Best Platform for Accessible Cruising

Discussion in 'Sailboats' started by MastMonkey, Dec 3, 2010.

  1. MastMonkey
    Joined: Oct 2009

    MastMonkey Junior Member

    One of the challenges in designing an accessible boat is to not make it so tailored to the disabled individual that it excludes everyone else. Cabin height is one example. While headroom isn't a priority, I wouldn't want to modify it to the point that only I can use it. Any boat can be modified for daysailing. I routinely sail my small monohull on San Francisco bay and though I usually have at least one crew, I am confident I can handle it myself in an emergency. The problem with sail handling is not restricted to monohulls. It can easily be as bad or worse on multihulls.

    This was the case on the few multihulls I have been on or observed. I have sailed a large catamaran that would be nearly impossible to make into an accessible cruising platform. The accomodation in the hulls are too narrow for a chair to begin with and a lift would have to be added to each hull as well. All of the sail handling is done in front of the large deck house. Conversely, I have been in smaller monohulls where down below in my chair I was very comfortable. I could wheel around easily, even when at sail, provided conditions were benign and the tack was wide enough that heel wasn't a factor. And sails were easily managed from the cockpit. In an emergency, it seemed I could scoot myself along the tow rail to the protected pulpit and get the sail down. Heel isn't completely a deal breaker either. I have noticed that on many more traditionally designed vessels, with wineglass transoms and the like and sea motion being a priority in the design, it is quite comfortable and even natural.

    The problem can be divided into two seperate ones: accessible living space and accessible sailing. Sailing is probably the easiest to adapt, though it really is dependent on the disability. I have no trouble managing the lines on my boat. The biggest issue is getting to them and mobility in the cockpit. The major exception is getting to the mast. There are a couple alternatives here. Simplicity is one key: Minimize sail handling controls. An example would be a Pirouge rig, less line handling needed. Another example would be exploring older sailing traditions. The Chinese Junk seems to make an excellent sail for a disabled sailor, though some performance is sacrificed. Reading the long thread on the Spray, I have begun to think it too is a candidate. Advances technologically also make sailing accessible. Sailing handling can be simplified with furling gear and electric winches, though this adds complexity. While I would like to sail while seated in my chair, if conditions dictate, I do not see it as a necessity.

    Living space is the largest challenge. The catamaran at first seems to have the advantage because of space on deck. But the hulls need to be wider, at least enough to accomodate a wheelchair through the passage. And a system for getting into them also devised. A mono hull can have completely accessible interior accomodations, but the distance into the hull is much greater.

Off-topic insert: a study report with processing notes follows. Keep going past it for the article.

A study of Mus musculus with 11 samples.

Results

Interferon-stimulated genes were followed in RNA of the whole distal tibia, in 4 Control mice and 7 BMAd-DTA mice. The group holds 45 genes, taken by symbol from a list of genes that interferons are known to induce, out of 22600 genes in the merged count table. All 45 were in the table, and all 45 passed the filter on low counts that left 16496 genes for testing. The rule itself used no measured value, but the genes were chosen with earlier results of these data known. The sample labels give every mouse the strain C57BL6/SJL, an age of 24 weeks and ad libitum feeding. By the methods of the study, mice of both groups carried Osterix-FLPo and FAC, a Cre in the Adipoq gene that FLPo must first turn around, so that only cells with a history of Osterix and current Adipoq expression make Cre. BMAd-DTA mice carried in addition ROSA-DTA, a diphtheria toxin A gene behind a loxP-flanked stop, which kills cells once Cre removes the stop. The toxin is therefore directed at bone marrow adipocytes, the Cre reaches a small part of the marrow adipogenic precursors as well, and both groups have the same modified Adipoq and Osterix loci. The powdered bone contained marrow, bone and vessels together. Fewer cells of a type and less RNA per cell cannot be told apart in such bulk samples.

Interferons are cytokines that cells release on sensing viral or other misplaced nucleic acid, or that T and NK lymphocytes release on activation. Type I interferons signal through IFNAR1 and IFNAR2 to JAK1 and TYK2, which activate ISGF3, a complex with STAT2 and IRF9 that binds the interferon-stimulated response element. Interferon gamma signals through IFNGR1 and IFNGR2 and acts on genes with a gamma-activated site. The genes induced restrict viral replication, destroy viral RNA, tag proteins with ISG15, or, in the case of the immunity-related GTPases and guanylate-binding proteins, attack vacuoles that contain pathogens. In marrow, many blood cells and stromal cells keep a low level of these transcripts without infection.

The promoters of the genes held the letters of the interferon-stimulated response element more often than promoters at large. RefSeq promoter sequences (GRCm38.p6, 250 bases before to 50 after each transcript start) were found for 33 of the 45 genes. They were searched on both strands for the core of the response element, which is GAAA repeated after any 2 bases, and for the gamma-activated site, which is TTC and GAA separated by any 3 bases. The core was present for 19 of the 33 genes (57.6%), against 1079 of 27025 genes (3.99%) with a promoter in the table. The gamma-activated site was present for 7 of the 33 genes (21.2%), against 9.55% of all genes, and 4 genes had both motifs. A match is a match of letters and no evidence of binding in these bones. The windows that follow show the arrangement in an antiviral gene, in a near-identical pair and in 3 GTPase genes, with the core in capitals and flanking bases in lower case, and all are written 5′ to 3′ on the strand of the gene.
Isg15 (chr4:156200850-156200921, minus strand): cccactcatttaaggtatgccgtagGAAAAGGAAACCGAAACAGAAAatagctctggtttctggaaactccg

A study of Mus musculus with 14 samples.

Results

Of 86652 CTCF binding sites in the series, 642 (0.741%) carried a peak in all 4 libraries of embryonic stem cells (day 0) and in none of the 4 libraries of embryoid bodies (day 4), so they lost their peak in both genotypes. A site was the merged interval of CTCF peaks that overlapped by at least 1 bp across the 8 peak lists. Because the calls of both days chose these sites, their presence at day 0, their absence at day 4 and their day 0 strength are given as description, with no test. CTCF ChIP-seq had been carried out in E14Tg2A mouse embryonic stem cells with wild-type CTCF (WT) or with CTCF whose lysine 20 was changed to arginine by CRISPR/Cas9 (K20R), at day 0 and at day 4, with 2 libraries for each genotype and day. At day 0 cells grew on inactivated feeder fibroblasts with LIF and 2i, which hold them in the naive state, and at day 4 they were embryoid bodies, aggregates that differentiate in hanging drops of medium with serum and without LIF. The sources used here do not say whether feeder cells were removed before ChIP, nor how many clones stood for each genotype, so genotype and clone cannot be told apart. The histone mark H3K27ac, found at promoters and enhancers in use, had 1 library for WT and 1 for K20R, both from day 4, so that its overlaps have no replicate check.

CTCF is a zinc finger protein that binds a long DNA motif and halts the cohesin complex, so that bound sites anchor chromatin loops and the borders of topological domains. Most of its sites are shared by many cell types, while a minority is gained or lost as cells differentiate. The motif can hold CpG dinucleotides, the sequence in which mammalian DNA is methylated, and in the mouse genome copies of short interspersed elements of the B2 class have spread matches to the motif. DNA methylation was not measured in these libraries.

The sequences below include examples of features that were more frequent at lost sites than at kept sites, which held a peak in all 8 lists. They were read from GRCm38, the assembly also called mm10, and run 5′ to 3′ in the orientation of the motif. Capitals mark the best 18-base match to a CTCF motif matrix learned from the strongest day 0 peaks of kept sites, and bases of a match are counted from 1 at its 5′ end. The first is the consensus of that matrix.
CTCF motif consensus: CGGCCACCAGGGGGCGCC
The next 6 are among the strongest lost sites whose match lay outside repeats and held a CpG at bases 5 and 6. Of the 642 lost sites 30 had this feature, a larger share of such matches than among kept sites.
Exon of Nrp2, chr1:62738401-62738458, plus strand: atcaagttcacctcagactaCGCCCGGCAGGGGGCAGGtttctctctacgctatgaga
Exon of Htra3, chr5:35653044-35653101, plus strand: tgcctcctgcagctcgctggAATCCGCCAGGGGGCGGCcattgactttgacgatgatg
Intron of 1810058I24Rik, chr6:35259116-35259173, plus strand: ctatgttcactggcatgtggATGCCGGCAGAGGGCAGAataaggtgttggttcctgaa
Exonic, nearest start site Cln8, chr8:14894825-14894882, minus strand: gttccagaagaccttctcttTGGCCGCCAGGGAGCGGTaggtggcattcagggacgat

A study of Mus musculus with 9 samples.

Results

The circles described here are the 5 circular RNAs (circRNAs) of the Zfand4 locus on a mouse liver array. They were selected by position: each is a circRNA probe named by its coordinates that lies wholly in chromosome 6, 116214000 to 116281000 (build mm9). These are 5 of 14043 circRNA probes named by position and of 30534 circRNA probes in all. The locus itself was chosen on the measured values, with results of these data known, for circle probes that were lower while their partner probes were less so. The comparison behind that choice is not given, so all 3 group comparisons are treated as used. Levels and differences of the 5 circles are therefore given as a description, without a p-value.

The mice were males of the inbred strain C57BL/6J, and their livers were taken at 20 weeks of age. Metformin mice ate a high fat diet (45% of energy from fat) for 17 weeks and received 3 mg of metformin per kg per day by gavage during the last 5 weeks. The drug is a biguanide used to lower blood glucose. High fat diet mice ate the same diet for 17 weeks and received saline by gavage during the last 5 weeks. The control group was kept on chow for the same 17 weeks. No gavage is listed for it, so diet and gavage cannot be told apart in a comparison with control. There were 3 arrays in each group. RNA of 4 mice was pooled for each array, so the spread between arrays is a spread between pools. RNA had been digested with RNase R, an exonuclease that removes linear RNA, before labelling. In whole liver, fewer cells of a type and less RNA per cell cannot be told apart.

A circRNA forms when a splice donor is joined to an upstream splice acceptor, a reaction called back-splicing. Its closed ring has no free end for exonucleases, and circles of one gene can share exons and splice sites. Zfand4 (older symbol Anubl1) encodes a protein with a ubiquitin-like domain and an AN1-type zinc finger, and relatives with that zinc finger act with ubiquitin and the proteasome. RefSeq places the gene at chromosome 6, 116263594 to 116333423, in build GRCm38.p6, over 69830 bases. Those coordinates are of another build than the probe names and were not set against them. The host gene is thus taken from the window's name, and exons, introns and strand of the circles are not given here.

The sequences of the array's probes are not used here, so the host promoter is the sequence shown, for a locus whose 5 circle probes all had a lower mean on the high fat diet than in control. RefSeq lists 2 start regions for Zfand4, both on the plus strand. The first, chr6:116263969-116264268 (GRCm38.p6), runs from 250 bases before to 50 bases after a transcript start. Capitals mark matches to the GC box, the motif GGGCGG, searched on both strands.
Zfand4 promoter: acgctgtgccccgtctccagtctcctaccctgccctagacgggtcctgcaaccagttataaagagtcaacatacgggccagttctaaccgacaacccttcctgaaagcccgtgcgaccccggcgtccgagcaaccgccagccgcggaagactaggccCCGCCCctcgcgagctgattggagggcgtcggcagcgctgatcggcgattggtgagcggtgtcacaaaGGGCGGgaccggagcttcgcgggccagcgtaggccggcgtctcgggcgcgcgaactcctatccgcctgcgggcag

Here is a link to the video of the "Verity K." (I had the name wrong in a previous post): http://www.youtube.com/watch?v=rvCgzvHmqIQ
     
    Last edited: Dec 9, 2010
  2. MastMonkey
    Joined: Oct 2009

    MastMonkey Junior Member

    Doug,

    Thank you for the link to the photos of that tri. It is a beautiful boat. As shown it would be difficult to make accessible, but it seems like an alternative layout would be make it a very accomodating boat. That is sad to hear of the "Raw Faith." As stated earlier, there is a lack of large boat adaptive sailing programs in the states. This is a a definite loss.
     
  3. Doug Lord
    Joined: May 2009

    =======================
    Your welcome! I posted it because it is a relatively unique design. Back about 1971 I was designing a 60' tri in my shop right next to the marina in Titusville ,FL. Had a window overlooking the basin and one day ,much to my surprise, Serena came in. She overwhelmed me and I immediately went down to introduce myself to her skipper and designer. I helped him get settled and then took him to my shop and showed him my design-this time he was overwhelmed: both boats were nearly identical! Thats how I met a lifelong friend and mentor--and I've never forgotten that first meeting -and Serena.
     

  4. cavalier mk2
    Joined: Mar 2010

    cavalier mk2 Senior Member

    The Nicol's still have Voyager plans and some still charter today for others looking for a place to start. Dereck Kelsall even built a 48' version for a client. They were rated to carry a 12,000 lb payload and stock had 10 berths. Nice boat, it has more paneling than a mountain lodge!